Too long, too hot, too little
We have made a habit of going places others generally don’t go. Not that we don’t enjoy the hot spots, the tourist destinations, the general run of the mill, because we do, and the bulk of our travel is often to those spots.
But what really gets our hearts racing – ok, maybe mine more than Pete’s – is something out of the way, unusual or seldom seen.
For instance, one of the highlights of our touring life is a trip to Svalborg, a Norwegian archipeligo far above the Arctic Circle, where getting eaten by a polar bear was a very real possibility and we struggled to climb an enormous mountain with seemingly 12-year-old guides.
We like seeing odd things. We love going places not generally on the tourist path.
Unfortunately, sometimes there’s a reason they’re not.
Sadly, the Aeolian Islands fall into this category.
Undoubtedly scenic, lovely and beachy, but that’s pretty much all it is.
We booked a tour with all eight of us to visit Panerea, Stromboli and then hang around into the nighttime to see Stromboli (an active volcano) spark.
Panerea was kind of nice, but mostly because we found an elevated restaurant Cusiritati, that had a lovely view. Slow service, painfully slow, but good food, too. We sat there for about an hour and a half (not entirely because that was our choice) enjoying the breeze and the harbor view and the ambiance. Then we walked back down to the main part of “town” to shop a little, walk on the rocks (and marvel at people diving into the Tyrrhenian Sea from the cliffs). Some of our party found a gelato shop and enjoyed that. Then we walked back to the main part of “town” to shop a little … Oh, I repeat...but hat’s all it was.
To be fair, there is more on Panerea than that, but not reachable during a two and a half hour stop. There are Bronze age ruins, beaches, hikes, etc. I suspect if you chose to stay there for a long period of time you’d love the peace and serenity of the place. For 150 minutes, not so much.
Back on the boat we circled some astounding rock/island formations, including some our guide said were “reserved for Princess Diana and Prince Charles.” Why they would want a basalt pillar rising from the sea with no discernible means of egress is beyond me, but the bluish-greenish water surrounding it was lovely. This was actually the highlight of the trip, and something only to be achieved by boat.
When we circled Stromboli, the island, not just the volcano, we saw the immense lava fields, the amazing lava beaches, the tiny hamlets tucked in lava-proof areas. It was all surreal, and smelled like sulfur: very interesting. Landing on the small pier, it was immediately apparent that the beach, which lapped at the piling of the landing area, was the focus here. That and, of course …. the volcano.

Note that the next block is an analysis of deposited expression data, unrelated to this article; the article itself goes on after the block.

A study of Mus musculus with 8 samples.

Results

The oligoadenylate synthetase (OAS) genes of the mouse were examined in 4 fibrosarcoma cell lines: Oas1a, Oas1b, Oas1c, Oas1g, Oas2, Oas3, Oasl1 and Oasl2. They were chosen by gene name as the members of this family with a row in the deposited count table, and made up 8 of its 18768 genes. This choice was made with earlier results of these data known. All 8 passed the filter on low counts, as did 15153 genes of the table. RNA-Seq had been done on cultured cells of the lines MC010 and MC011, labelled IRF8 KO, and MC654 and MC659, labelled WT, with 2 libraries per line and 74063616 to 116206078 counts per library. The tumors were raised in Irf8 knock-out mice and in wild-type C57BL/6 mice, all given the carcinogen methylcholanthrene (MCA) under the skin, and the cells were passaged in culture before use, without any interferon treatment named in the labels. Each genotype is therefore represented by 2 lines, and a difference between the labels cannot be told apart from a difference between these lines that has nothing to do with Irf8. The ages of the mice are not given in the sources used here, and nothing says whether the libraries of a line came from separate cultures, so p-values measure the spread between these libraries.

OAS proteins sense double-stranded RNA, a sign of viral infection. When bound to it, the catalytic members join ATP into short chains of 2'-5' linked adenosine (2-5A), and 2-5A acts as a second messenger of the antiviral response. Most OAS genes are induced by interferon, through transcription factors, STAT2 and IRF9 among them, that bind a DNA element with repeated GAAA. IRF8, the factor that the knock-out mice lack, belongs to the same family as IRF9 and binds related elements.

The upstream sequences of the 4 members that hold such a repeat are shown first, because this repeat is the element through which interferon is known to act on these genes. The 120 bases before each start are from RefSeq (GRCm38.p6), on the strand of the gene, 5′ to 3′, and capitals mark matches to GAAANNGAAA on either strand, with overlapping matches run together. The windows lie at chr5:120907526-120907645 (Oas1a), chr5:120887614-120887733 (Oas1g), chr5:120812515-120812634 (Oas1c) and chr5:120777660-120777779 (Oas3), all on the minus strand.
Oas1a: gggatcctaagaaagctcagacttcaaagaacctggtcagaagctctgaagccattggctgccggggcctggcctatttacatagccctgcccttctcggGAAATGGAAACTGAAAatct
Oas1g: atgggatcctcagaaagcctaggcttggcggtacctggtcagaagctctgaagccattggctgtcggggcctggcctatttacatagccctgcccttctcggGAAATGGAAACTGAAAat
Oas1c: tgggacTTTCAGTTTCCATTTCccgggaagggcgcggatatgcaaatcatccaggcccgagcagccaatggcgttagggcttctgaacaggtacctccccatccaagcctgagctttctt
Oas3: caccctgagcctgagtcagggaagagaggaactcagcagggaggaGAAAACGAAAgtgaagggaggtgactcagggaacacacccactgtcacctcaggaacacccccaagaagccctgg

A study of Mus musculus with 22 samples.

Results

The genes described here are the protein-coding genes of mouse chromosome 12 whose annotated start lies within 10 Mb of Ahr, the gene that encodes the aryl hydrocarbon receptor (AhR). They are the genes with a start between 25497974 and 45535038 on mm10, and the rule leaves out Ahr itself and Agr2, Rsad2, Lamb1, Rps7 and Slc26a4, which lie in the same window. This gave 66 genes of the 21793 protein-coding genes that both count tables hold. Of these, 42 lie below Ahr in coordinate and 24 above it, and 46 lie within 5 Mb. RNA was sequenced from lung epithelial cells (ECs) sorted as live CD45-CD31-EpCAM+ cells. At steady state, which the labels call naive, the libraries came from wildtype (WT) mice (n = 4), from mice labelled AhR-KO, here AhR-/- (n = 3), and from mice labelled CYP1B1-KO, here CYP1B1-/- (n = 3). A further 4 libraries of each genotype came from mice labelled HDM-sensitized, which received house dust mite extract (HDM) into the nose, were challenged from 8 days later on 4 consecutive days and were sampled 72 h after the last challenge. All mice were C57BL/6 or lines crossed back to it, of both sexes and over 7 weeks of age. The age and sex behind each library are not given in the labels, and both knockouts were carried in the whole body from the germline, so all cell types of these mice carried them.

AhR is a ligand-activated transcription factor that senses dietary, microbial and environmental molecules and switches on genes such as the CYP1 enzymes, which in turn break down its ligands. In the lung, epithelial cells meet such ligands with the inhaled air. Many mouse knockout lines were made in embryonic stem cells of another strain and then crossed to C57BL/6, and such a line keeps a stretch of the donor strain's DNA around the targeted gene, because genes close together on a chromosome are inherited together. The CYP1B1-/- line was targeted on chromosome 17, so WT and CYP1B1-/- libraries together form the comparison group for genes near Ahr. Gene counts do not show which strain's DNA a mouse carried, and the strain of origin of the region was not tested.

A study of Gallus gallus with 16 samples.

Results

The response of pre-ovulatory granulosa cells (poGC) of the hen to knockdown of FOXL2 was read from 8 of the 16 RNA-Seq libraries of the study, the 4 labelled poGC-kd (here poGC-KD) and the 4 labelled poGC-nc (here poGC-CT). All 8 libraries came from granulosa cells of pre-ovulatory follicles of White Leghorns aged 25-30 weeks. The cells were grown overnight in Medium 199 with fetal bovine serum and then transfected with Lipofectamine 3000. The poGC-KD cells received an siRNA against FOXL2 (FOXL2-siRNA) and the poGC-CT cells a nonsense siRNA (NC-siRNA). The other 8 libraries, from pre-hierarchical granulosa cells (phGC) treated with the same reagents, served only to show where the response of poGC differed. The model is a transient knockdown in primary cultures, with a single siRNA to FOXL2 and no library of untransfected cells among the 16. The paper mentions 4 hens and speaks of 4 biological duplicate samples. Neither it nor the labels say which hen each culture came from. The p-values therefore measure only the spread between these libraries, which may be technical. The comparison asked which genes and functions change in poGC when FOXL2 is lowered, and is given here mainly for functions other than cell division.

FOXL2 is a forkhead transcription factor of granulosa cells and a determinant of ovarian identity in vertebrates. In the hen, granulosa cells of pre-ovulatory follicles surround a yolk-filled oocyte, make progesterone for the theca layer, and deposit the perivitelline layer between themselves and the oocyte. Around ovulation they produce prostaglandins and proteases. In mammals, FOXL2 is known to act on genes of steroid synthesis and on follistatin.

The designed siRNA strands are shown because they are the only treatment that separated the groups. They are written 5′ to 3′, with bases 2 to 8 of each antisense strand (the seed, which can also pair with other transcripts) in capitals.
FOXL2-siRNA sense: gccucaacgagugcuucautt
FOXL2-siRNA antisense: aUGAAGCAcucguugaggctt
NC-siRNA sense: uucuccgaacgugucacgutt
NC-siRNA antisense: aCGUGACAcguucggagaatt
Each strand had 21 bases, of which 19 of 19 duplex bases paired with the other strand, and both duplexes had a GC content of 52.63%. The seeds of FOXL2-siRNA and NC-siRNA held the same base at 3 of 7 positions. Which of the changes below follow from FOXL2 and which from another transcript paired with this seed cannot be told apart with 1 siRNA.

We all took our shoes off to dip our sweaty toes into the water, braving the volcanic rocks on the beach and the devilish pebble-sized ones closer to the shore. Ouch. Clear, cool water. Black volcanic sand. Lovely.
Then we decided to brave the area above the beach, which, from the sea looked like one street. It was a few more than that, to be sure, filled with touristy shops and restaurants. At the peak of the town was the inevitable piazza with a church, a view toward the harbor and, conversely, the volcano, and shops. Of note here was a hiking shop – kind of interesting. The town was curious – we passed a grocery with nothing on its shelves, it being almost 6 p.m. and the day’s good having been sold – and interesting. But long before our three hours were up we were at the port eating our arancini de riso (a Sicilian specialty made with risoto, mozzarella cheese, ham and capers, breaded and fried) and waiting for our boat to return for us.
Then we made what was a mostly futile back-and-forth journey around Stromboli-the-island waiting for Stromboli-the-volcano to do something interesting. At one point, and black column of gas arose, and so did our hopes. But sadly, after a little over an hour of this, we gave it up and began the nearly two hour trip back to Sicily mainland. What followed that was an hour and a half bus ride back to Taormina, and a 15 minute walk back to our beds, where we collapsed in sodden, sweaty heaps well after the beginning of the new day.
Was it worth is? Well, Pete would say no. Too much travel for too little benefit. Three hours on boats and buses is not fun.
But as for me, it’s one more unusual place I can say I’ve been. I bought a small pottery bowl in Stromboli. I intend to put it in my office – no idea what I’ll put in it – to remind me: I’ve been another unusual place. It may have been an arduous journey, and undoubtedly it was exhausting, but I did it.
And, once again, we didn’t get eaten by polar bears.